Living through tragedy is inevitably life-altering. No matter what the cause—whether we are sick or injured or we have lost someone or something we love, the pain of heartbreak tears apart the fabric of who we are. The person we used to be—the carefully constructed Self who shaped our belief system and guided our movements as we traveled through life—ceases to exist. Like fallen trees uprooted in a storm, we are suddenly insubstantial and frail. This does not happen because our minds are playing tricks on us or because the pain is overwhelming our sense of who we are. It happens because “Who we are” –who we were– simply is no longer there. The remnants of our old selves—like leaves scattered around fallen trees – surround us, and many times they still are well within our reach. But we can never, truly never, put them back together in the same way.
How we endure through great tragedy redefines us. That which does not kill us does not make us stronger: Nietzsche was wrong about that. Adversity and pain leave us vulnerable and frightened, weaker, less sure of ourselves and less willing to take risks. Victims are more likely, not less likely, to be victimized, and pain can make a coward of the bravest of men. Nonetheless, great misfortune offers us an opportunity that the charmed never have: the chance to consciously and with intention recreate ourselves—to sort carefully through the detritus of our old lives and decide what to keep and what to discard. And because those who have suffered greatly see in a very different way, we instinctively make better choices than we did the first time around.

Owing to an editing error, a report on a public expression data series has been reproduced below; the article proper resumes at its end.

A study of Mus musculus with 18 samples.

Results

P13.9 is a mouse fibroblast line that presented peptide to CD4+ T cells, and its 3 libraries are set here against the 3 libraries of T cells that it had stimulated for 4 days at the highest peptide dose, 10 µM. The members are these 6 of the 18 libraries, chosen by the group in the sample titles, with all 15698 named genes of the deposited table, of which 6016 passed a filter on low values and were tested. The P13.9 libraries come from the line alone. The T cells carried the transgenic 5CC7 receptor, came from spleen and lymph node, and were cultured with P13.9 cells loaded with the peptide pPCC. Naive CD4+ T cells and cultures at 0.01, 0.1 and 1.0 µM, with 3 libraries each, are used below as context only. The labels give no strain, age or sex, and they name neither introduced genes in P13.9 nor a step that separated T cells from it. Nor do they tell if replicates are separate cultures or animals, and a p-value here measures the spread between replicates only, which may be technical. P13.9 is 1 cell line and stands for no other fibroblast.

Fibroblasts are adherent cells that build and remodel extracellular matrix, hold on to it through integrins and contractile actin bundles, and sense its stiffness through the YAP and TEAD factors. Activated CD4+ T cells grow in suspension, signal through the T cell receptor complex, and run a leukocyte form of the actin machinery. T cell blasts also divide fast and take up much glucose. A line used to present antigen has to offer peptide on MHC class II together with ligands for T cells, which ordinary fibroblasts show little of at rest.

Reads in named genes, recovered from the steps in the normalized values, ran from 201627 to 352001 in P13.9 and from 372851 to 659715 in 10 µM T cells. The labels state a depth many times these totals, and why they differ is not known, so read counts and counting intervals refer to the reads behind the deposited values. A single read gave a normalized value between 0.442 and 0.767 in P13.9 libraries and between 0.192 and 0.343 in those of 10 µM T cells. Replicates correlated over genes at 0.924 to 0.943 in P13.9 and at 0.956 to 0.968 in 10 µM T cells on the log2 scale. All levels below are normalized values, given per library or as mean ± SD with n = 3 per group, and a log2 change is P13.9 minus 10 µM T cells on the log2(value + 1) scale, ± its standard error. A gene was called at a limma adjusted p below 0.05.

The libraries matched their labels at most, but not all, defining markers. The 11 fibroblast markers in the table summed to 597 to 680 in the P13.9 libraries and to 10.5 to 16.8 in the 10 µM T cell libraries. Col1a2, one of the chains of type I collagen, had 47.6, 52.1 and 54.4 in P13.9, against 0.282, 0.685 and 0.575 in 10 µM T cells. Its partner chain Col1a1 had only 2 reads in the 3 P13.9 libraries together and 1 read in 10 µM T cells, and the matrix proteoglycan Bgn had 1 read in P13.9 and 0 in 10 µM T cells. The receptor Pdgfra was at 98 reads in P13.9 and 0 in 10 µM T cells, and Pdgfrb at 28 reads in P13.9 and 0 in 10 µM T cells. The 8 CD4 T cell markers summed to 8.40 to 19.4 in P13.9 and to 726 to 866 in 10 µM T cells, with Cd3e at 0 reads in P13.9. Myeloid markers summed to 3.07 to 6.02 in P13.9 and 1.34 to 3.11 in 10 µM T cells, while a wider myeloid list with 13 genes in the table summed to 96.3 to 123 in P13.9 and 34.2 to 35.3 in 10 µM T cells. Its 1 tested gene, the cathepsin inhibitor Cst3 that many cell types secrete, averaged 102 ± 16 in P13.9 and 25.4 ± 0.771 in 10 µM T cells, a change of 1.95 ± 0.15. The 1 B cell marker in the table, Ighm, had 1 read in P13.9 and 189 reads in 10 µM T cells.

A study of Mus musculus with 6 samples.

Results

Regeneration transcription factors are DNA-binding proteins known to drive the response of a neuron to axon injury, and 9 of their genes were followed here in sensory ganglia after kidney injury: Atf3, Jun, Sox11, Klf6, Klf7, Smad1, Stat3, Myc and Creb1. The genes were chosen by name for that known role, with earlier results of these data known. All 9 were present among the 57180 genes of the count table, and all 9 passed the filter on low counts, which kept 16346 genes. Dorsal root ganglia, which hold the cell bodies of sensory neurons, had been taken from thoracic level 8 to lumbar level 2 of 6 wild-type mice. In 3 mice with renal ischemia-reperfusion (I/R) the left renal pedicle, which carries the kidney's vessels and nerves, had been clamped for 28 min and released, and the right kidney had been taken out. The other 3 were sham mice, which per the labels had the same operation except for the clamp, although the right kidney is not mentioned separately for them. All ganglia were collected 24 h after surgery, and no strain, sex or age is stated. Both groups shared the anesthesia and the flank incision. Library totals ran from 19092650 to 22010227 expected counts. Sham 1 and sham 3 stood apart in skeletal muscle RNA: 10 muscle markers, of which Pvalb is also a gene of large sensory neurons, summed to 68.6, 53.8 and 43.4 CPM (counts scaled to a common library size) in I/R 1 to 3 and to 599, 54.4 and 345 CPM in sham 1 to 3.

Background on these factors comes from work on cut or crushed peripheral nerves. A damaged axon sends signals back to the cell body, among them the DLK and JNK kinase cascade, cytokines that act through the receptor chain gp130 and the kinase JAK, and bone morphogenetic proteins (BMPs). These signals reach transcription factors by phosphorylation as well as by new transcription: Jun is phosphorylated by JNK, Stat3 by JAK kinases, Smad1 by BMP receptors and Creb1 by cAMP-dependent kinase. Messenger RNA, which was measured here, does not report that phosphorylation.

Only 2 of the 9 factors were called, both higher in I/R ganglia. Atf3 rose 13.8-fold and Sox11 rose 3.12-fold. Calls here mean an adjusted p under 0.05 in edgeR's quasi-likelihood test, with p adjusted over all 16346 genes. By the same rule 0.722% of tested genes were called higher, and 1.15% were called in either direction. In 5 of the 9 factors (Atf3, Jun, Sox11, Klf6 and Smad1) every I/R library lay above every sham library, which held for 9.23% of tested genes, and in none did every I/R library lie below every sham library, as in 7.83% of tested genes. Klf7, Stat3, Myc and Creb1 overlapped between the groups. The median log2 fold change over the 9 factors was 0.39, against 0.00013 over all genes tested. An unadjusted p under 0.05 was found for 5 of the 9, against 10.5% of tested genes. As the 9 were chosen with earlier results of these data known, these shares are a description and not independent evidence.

“The most beautiful people we have known are those who have known defeat, known suffering, known struggle, known loss, and have found their way out of the depths. These persons have an appreciation, a sensitivity, and an understanding of life that fills them with compassion, gentleness, and a deep loving concern. Beautiful people do not just happen.” —Elizabeth Kubler Ross
No matter how much you are suffering right now, it is important to remember that your suffering does not define who you are. It is very difficult to look beyond the immediate when you are hurt and frightened, but your journal is a vehicle that can take you away from your pain and help you look beyond today. Use it now to describe what you hope for when this difficult time is over..even if you don’t see an end in sight. If you don’t feel like journaling, draw something or write a poem or a song. The lessons you are learning today will shape your future in ways you cannot see. But you can imagine them. And just that imagining can transform your pain into something vaguely resembling hope.